Colorado’s Marijuana Enforcement Division recently announced a new mycotoxin testing requirement for all concentrates produced from cannabis that previously failed microbial testing, effective September 15, 2019. The new rule underscores why cultivators shouldn’t rely on extraction-based remediation over alternative methods of addressing microbial contamination.
But before we discuss what this means for cultivators, let’s cover some basics about mycotoxins.
What Are Mycotoxins and Why Do They Matter?
Mycotoxins are a byproduct of certain types of mold. They have traditionally posed a serious health risk for agricultural crops but in recent years have garnered more media attention as a dangerous cannabis contaminant.
There are three main types of fungus that can produce toxins: Aspergillus, Penicillium and Fusarium. When ingested, these toxins can cause kidney damage, immune disorders, and even death in both animals and humans. Due to their severe toxicity, the acceptable range for mycotoxins allowed by the World Health Organization is no more than 0.02 milligrams per kilogram.
Why Is Cannabis Mycotoxin Testing so Important?
At its core, the new rule is intended to keep consumers and patients safe. Consuming contaminated product can cause allergic reactions for healthy individuals, and more serious health problems for patients, especially those with compromised immune systems. And in both cases, the longer the exposure, the more acute the risk.
The second reason the testing is important is that mycotoxins are heat stable, so extraction doesn’t always remove them from contaminated product. And if extraction doesn’t remove the mycotoxins, but the product is “concentrated,” the final product can have more mycotoxins by volume than the original material. This helps explain why the new rule in Colorado applies to remediated concentrates, but not flower.
Colorado Mycotoxin Testing Review
In the past, only mainstream agricultural products had to undergo rigorous testing for E.Coli, Salmonella, and mycotoxins. Now that the laws are catching up to cannabis, here’s what you need to know about mycotoxin testing in Colorado:
1. If your cannabis flower fails microbial testing at any time after September 15, 2019 and is processed into concentrates, it must pass mycotoxin testing before sale is permitted – minimum sample size required: 4.0 grams
2. Mycotoxins can contaminate your crop during processing and transportation. Even if your initial crop tests negative, you still need to be aware of potential mycotoxin contamination.
Most importantly, if you’ve failed microbial bacterial testing in your cannabis strains prior to September 2019, don’t worry. These old batches are currently exempt from the new laws.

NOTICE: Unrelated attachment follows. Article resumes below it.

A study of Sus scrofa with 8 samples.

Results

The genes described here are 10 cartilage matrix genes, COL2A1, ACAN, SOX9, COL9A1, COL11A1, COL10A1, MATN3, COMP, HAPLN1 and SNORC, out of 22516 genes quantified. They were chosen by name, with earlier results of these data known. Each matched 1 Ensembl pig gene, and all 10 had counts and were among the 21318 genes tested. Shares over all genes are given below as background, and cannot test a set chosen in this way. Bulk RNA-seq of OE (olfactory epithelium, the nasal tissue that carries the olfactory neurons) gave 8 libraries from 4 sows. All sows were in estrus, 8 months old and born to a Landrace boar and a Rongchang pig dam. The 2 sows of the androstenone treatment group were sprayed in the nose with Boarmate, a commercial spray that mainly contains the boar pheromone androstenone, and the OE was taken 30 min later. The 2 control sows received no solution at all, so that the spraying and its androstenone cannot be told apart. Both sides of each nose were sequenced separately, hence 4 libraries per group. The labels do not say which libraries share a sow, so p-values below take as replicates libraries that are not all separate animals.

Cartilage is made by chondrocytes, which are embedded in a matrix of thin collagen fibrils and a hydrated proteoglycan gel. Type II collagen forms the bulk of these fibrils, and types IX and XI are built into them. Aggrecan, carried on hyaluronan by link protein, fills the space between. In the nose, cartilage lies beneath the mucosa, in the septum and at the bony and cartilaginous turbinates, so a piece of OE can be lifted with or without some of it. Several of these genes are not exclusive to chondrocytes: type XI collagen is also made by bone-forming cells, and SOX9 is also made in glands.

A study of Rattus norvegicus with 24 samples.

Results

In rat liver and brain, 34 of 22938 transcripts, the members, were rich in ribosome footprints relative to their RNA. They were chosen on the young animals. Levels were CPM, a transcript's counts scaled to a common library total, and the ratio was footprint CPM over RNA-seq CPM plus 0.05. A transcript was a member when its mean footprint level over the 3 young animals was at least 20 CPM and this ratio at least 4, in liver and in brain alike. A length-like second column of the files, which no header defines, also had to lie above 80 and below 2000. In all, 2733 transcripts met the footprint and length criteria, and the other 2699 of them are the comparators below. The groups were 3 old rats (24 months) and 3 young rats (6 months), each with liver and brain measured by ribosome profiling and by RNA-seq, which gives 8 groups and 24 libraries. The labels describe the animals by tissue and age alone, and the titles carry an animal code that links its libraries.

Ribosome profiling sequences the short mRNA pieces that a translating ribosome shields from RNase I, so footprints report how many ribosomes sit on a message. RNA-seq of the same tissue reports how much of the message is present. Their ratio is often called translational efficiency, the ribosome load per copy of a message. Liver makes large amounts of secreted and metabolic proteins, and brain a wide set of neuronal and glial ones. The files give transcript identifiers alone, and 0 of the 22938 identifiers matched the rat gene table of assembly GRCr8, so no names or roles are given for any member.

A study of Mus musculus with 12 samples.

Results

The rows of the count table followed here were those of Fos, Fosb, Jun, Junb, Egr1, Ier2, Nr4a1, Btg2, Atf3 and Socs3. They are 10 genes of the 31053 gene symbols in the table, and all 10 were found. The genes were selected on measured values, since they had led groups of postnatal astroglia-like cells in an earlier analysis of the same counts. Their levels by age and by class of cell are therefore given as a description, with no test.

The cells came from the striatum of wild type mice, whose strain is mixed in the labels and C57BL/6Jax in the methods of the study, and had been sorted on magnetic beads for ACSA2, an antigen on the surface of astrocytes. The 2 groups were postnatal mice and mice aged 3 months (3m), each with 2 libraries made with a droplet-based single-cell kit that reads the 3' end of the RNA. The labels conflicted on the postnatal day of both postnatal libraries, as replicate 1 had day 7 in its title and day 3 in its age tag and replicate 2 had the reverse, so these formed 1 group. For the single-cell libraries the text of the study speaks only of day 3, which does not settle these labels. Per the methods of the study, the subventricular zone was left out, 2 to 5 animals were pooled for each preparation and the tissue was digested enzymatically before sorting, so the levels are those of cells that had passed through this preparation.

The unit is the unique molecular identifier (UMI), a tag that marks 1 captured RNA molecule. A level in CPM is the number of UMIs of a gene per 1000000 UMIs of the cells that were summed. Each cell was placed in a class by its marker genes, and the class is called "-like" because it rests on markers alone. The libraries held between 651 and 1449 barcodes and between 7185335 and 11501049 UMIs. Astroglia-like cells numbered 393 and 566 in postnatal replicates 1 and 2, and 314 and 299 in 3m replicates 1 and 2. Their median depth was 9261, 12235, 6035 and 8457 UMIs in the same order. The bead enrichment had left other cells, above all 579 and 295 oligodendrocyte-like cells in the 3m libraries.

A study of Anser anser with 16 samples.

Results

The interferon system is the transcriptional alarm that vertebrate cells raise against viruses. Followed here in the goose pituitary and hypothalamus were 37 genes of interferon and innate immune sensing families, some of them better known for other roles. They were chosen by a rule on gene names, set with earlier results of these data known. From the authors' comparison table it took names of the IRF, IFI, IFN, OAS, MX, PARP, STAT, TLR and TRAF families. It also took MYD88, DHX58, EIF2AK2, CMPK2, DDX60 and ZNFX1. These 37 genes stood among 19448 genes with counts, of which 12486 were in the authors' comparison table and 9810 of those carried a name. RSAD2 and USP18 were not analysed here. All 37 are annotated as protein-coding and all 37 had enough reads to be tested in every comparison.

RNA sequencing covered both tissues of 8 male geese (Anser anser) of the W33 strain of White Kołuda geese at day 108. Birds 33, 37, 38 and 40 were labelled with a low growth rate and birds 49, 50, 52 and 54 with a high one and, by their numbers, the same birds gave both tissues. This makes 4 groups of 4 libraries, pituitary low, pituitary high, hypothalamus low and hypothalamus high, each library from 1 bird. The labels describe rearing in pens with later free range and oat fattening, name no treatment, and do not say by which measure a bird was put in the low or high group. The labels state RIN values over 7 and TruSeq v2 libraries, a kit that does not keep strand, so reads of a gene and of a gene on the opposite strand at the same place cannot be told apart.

How Mycotoxin Testing Actually Works
The cannabis industry currently uses several different methods for mycotoxin testing:
1. Qualitative strip tests
This type of mycotoxin testing can tell if the toxin is present, but cannot determine if it is below or above the allowable level in cannabis. This type of test is similar to a store-bought pregnancy test: a chemical reaction will cause the strip to change color if mycotoxin is present. In other words, it’s a first step, but additional testing will be required.
2. Immunoaffinity columns and fluorometry
This is one of the most commonly used forms of mycotoxin testing as it allows for several different mycotoxins to be analyzed at one time. However, it is not the most sensitive or accurate.
3. Liquid chromatography-tandem mass spectrometer (LC–MS/MS)
LC–MS/MS is the industry standardfor pesticide and microbial testing due to its superior range in selectivity and sensitivity. This testing method does not require extensive sample preparation and provides the most accurate readings compared to other techniques.
What You Need to Know Now about Mycotoxin Testing
All cannabusinesses should take careful steps to monitor the growing and storage process to stop the spread of mold that causes potentially deadly mycotoxins.
It’s important that culativators know extraction isn’t the only way to remediate flower. Using post-harvest decontamination technology, such as a WillowPure ozone system, is a safer and more cost effective way to reduce microbials and mycotoxins, and it doesn’t lead to additional testing requirements. Post-harvest mycotoxin decontamination has been used to save entire crops from being destroyed. As regulators continue exploring new laws and regulations, this could be your best bet to keep your company and brand safe.
While few love new regulations, mycotoxin testing laws exist around the world in all forms of agriculture, so maybe we should view these new rules in a positive light. It’s the industry maturing – cannabis slowing catching to other industries. Either way, keeping consumers safe and healthy should always be your company’s main priority, so good on you for taking the first step. If you have any questions, reach out, we’re here to help!